ONE PLACE TO START WHEN PICKING PAINT
So, you are tired looking at that particular room, it has needed freshening up for a while and you haven’t got a clue where to start. You are aware grey is around a lot and so maybe you’re thinking that it might work here, in this room. But, you aren’t too sure. It’s totally a fashion and they date. And that neutral cream it got done in last time was just to freshen it up when you were in a hurry and didn’t have much of a clue, but you’d really like to have a bit of a change. After all, it’s going to cost the same anyway.
You might even have a Pinterest account (if you haven’t, you can check mine out here…I looooove a bit of browsing on there for all sorts of inspiration) where maybe you’ve been creating boards of beautiful rooms you adore. That’s always good, it’s actually what I tell my clients to do if they can, as it helps you decipher what it is you’re drawn to, even if you aren’t sure. You can begin to see a pattern emerge every time you ‘pin’ an image.
Or maybe you love the decorating programmes with all their bold, dramatic, stylish makeovers and you can’t resist the odd new housy magazine and then get all inspired that you’re going to finally do something a bit braver, with a bit more colour, in your place. And soon.
Well, here’s a way you can in 4 quick and easy steps.
It’s a way of picking a totally unique but absolutely right, paint colour. There are about a billion to choose from so if you have a go at this method, which I use quite a lot, you’ll narrow that figure down to just 1!
THE ROOM PAINT SELECTION METHOD I SOMETIMES USE
- Choose your favourite piece of art
- Make a list of all the colours you see in it
- Ponder and pick one you love and one that will suit the existing items, eg the floor, a sofa, whatever you need to keep
- Get some sample pots in that colour and test them and THAT IS IT!
Sound Simple? It is! It’s a straightforward plan to give you fabulous results.
Now, I’m going to walk you through how I did just this in this client case study, so you can see it all in action. It’s quick, easy and it works.
HERES HOW I USED IT – Sitting Room Makeover
- CHOOSING THE ART
My lovely client showed me a few pieces of art she loved and wanted to keep and I asked her to pick her favourite…the one she’d want to hang in the most prominent position and this was it:
- LIST THE COLOURS IN IT
I had a close look at the picture and pulled out the main colours. Here are the colours that I see in this art:
a. blush pink
b. pale blue-grey
c. mustardy gold
d. mid blue
e. warm sand
f. deep indigo
(the names are my made-up names)
3. PONDER OVER THEM
Now, a wall colour based on any of those will look lovely with this picture (because they are actually in it), so now all you have to do is see which actual one speaks to you the most. Which one you’re drawn to. Don’t be in a big hurry to ditch colours, they are all possibilities.
These colours are the starting point to have a good think about. In this room, the other things I had to consider was a brown sofa, beige carpet, a few gold coloured picture frames and some antique dark brown side tables.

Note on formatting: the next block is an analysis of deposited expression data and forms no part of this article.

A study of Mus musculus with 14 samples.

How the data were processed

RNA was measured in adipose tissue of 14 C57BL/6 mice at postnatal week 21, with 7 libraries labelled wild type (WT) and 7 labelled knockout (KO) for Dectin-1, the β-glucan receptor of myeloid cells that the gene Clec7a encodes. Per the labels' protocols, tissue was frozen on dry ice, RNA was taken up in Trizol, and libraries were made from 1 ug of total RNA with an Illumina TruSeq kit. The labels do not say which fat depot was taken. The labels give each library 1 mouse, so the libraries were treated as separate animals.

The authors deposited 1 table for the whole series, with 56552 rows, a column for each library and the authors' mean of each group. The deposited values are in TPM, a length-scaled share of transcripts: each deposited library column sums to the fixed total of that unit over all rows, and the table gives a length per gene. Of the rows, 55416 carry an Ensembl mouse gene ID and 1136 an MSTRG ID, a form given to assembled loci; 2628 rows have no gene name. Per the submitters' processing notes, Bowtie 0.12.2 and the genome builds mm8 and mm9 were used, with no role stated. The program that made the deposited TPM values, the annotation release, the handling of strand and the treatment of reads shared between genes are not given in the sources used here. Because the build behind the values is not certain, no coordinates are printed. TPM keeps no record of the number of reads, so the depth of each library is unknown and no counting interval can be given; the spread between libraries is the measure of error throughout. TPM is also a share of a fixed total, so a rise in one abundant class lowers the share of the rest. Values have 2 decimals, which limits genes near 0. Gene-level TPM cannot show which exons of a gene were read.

Now, for me it was either a or f, but then I knew the client, what she liked, what else was in the room, what colour it had been, what colour the hallway leading to it was, what style she liked, how brave she was (I always like to push this a weeee bit!), how much light it got and so, taking all these into consideration, I could narrow it further and chose the BLUSH PINK.
By the way, you can do this by getting a paint colour card from anywhere, any brand or paint manufacturer, but the top two I tend to use are from The Little Green Paint Company and Farrow and Ball (click their names to be taken to their websites and order your free colour card).
This is a couple of cards from Little green on my desk and why I like these is because I can fold back the little chips and lay directly on the picture. You can see how the top pink one is lifting off. And the fab thing is these chips are the actual paint – not simply printed like many others.
So pull these off, or cut them out when you have found the best match to the colours in your picture. Lay them down in the room preferably and go ahead and choose one, or two at most.
4. BUY SOME SAMPLE POTS
Now you have your colour, which for me was a blush pink. The next thing I had to do was get some tester pots of that colour to further identify and pick the exact exact one!
I got 4 sample pots:
Calamine – Farrow and Ball
Setting Plaster – Farrow and Ball
Confetti – Little Green
Hellebore – Little Green
They are all a shade of light dusky pink. Then I painted them on a piece of white paper and viewed them in the room…this picture was taken in artificial light which is why it looks different than when on the wall below.
This hellebore from Little Green was perfect, so that’s simply how you do it!
How beautiful does this look?!
The Roman blind fabric was picked after the paint, as the room colour was more important in this case (I usually do it the other way round).
If you want to learn more about choosing paint and colour and build your knowledge and confidence on how to make better choices of paint, I have a mini online masterclass programme called Magnolia to Marvellous which you can find out more about HERE. It’s for you if you want better results and stop wasting money on the wrong colours (you end up living with).